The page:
By Senate Intern Kylie Spies, University of Iowa MSW student
Women in Henry County soon will have to travel an hour to Iowa City or Ottumwa to give birth. In labor and delivery, every minute can be critical. Sarah Ledger of Mount Pleasant, a physician with Henry County Health Center, talks with State Sen. Rich Taylor about the consequences of closing obstetrics units in rural Iowa.
Rural Iowa hospitals are struggling to keep their doors open, and family practice doctors are on the front lines. Dr. Sarah Ledger, D.O., visited the State Capitol to tell legislators about the challenges Iowa families and doctors are facing.
Dr. Ledger provides prenatal care to southeast Iowa women at Henry County Health Center in Mount Pleasant. HCHC will close the doors to its maternity unit in June, leaving another Iowa community without a safe place to have a baby.
Henry County Health Center is a Top 100 Critical Access Hospital in the United States. Critical Access Hospitals are small rural hospitals at least 35 miles from another facility. They have 25 beds or fewer, and must offer 24/7 emergency services. In rural Iowa, these hospitals may be a matter of life and death in a crisis.
Dr. Ledger says that because of the way Medicaid providers pay hospitals for maternity services, they are sometimes forced to close their labor and delivery units to keep the rest of the hospital afloat. It takes a lot of staff and hospital resources to be ready to deliver a baby at any time. If Medicaid payments don’t cover the costs or aren’t made quickly, rural OB units suffer.
Critical Access Hospitals are supposed to receive higher rates of payment for their services because they are so vital to the community. But profit-driven private Medicaid providers have squeezed hospital budgets so tightly that they can no longer serve Iowans.
“You abandon OB to keep your hospital open,” says Dr. Ledger. “We’re running into the same thing with our EMS services. We run into the same thing with some of our inpatient care units. You have to cut back on the services that you provide to keep your hospital open. And we’re seeing hospitals that are still closing.”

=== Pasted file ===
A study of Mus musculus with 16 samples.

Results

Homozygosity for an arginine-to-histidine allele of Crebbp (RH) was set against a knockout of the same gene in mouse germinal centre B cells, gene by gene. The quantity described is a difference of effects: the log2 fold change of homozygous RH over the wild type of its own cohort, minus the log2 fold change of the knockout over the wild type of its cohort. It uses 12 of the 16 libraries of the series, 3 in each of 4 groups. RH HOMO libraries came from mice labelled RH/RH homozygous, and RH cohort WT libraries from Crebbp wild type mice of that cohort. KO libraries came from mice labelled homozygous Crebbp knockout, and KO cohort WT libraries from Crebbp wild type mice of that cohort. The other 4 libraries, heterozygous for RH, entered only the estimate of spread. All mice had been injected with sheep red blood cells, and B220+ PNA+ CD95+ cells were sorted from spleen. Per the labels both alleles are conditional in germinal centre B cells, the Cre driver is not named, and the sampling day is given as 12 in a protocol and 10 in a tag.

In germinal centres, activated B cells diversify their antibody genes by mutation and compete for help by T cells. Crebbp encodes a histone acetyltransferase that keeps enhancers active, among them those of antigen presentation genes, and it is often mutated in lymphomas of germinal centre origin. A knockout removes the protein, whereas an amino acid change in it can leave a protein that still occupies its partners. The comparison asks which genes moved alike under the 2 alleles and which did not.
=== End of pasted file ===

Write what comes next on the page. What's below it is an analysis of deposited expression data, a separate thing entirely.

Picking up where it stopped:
Dr. Ledger says women are at higher risk of health problems like high blood pressure and premature births than they were 20 years ago. She sees patients living with violence and hunger, and many without a vehicle for traveling to appointments.
Good prenatal care is crucial for the health of moms and babies. Regular appointments during pregnancy allow doctors and midwives to monitor patient health, educate moms, and prepare them for labor and newborn care. Without access to prenatal care, Iowa women and their babies face serious health risks.
“These women come in and we have no idea what the potential complications are going to be. It increases the cost of health care overall because we’re not prepared. We haven’t taught these moms how to take care of their babies. We haven’t taught these moms how to take care of their bodies. You see more complications with that.”
Women in Henry County soon will have to travel an hour to Iowa City or Ottumwa to give birth. In labor and delivery, every minute can be critical.
“It is much safer to deliver these babies in a stable OB unit with a trained OB clinician, rather than an ER, in the back of an ambulance, or in a personal vehicle on the side of the road,” says Dr. Ledger.
The shortage of maternity units in rural Iowa puts moms and babies at risk.
Iowa ranks 50th out of the 50 states in the number of OB-GYNs per capita. Two-thirds of Iowa counties don’t have a single OB. Combined with the 34 closures of rural Iowa maternity units since 2000, Iowa has a serious care crisis. Dr. Ledger is asking the Legislature to fix Iowa’s Medicaid mess to protect rural hospitals.
“We need more support with our Critical Access Hospitals. We need more money, unfortunately we need higher reimbursement,” she says.
“We pay a lot of money to these private MCOs, and we are getting less and less.”